This is a fake news alert. A camphor potli (bundle) message has been going viral on social media for several days as reports of an oxygen crisis pour in from different parts of the country. There is no scientific evidence to back this claim.
The core content of the message says, “Camphor, lavang, ajwain, few drops of eucalyptus oil. Make a potli and keep smelling it throughout the day and night. Helps increase oxygen levels and congestion. This potli is also given to tourists in Ladakh when oxygen levels are low. Many ambulances are now keeping these too. It’s a home remedy. Kindly share and help (sic).”
Though camphor is used in several medicines, traditional as well as pharmaceutical, for nasal congestion and other illnesses, there is no scientific study to suggest that the camphor potli helps improve oxygen levels in the body.
Yet the message is going viral. Even several verified social media handles are posting it as a remedy for reduced oxygen levels among patients suffering from Covid-19.
In medicines in which camphor is used, its concentration is kept at below five per cent. For example, the popular decongestant Vicks VapoRub. The official website calls it a cough suppressant that uses 4.8 per cent of synthetic camphor. The American drug regulator says camphor concentration should not exceed 11 per cent in any product.
A study published in 2009 said, “Inhalation of camphor, eucalyptus or menthol had no effect on nasal resistance to airflow but the majority of subjects reported a cold sensation in the nose with the sensation of improved airflow.”
Thus, the main ingredients suggested in the camphor potli do not even clear the air passage in the nostrils. The cold sensation makes people feel a little better.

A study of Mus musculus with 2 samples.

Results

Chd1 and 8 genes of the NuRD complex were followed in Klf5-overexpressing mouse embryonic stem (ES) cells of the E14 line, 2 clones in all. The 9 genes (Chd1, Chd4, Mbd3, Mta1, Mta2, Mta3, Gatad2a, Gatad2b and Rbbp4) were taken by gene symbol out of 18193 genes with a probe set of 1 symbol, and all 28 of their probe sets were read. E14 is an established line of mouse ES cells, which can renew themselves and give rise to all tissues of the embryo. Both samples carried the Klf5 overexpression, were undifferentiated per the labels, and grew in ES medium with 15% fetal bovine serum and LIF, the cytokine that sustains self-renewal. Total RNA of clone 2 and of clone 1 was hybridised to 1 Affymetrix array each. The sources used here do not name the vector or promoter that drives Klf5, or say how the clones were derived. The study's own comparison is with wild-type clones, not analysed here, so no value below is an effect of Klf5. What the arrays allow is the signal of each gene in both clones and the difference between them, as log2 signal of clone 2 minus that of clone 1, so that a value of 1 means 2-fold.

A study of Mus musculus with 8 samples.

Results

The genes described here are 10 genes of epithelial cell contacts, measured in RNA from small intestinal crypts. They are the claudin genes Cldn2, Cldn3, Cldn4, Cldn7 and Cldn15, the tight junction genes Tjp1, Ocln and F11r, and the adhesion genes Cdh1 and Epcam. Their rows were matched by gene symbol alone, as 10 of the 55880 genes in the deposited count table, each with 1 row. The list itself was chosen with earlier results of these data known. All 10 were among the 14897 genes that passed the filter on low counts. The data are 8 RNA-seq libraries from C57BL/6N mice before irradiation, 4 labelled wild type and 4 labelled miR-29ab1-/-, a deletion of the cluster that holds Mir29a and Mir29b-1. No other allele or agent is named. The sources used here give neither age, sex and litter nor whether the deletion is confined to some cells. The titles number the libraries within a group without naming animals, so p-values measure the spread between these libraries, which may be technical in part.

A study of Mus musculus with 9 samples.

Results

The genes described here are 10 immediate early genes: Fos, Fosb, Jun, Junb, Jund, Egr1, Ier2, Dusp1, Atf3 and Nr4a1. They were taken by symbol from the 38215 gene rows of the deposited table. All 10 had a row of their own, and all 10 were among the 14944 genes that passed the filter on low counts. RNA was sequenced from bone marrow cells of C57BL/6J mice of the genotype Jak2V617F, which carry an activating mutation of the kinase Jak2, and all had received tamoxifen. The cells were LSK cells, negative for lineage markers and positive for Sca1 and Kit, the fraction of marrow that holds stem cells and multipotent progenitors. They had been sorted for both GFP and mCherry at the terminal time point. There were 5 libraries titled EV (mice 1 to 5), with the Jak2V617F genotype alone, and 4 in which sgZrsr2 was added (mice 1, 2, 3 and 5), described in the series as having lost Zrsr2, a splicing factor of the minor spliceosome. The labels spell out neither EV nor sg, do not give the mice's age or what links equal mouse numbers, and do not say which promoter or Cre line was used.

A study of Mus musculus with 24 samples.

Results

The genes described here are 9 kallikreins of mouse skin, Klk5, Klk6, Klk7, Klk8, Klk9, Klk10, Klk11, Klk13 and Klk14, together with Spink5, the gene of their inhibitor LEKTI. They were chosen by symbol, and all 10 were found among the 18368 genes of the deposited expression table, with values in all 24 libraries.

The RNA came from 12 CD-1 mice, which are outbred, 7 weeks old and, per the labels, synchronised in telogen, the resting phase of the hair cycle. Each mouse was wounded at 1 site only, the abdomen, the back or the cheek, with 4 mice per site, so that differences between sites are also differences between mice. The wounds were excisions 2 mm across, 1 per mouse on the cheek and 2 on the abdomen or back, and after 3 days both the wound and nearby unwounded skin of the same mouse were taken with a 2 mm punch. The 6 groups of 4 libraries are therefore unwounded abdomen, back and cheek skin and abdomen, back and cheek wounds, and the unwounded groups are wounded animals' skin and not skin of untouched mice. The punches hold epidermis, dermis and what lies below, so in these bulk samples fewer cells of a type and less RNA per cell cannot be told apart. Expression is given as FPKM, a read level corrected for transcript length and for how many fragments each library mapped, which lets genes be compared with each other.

On the other hand, excess inhaling of camphor is harmful and leads to poisoning. The daily maximum dose of camphor inhalation should not exceed 1.5 mg. Several studies have warned against camphor poisoning.
An annual report on clinical toxicology by the American Association of Poison Control Centers’ National Poison Data System in 2019 also warned against the inhalation or eating of non-medicinal doses of camphor. Such inhalation or ingestion of camphor can lead to severe poisoning within a few minutes. The adverse effect on children can be more serious.
Another study said, “Even small doses of camphor can cause severe toxicity and are potentially fatal…The onset of action is very rapid, and the main effect occurs on the central nervous system, and seizures are most common.”
Similarly, lavang (clove) mentioned in the camphor potli is not known for improving oxygenation in the body. It has its medicinal value and a study talked about its potential for being used in Covid-19 treatment citing previous instances of cloves having anti-viral properties. But even this study does not claim that cloves can improve oxygen levels in the body.
Ajwain (carom seeds) or eucalyptus oil are again used in traditional medicines and some chemical drugs, but there is no study to suggest that they improve oxygen levels among patients suffering from respiratory illnesses in general and Covid-19 in particular.
Trusting the camphor potli viral message for treating Covid-induced drop in oxygen levels can be dangerous.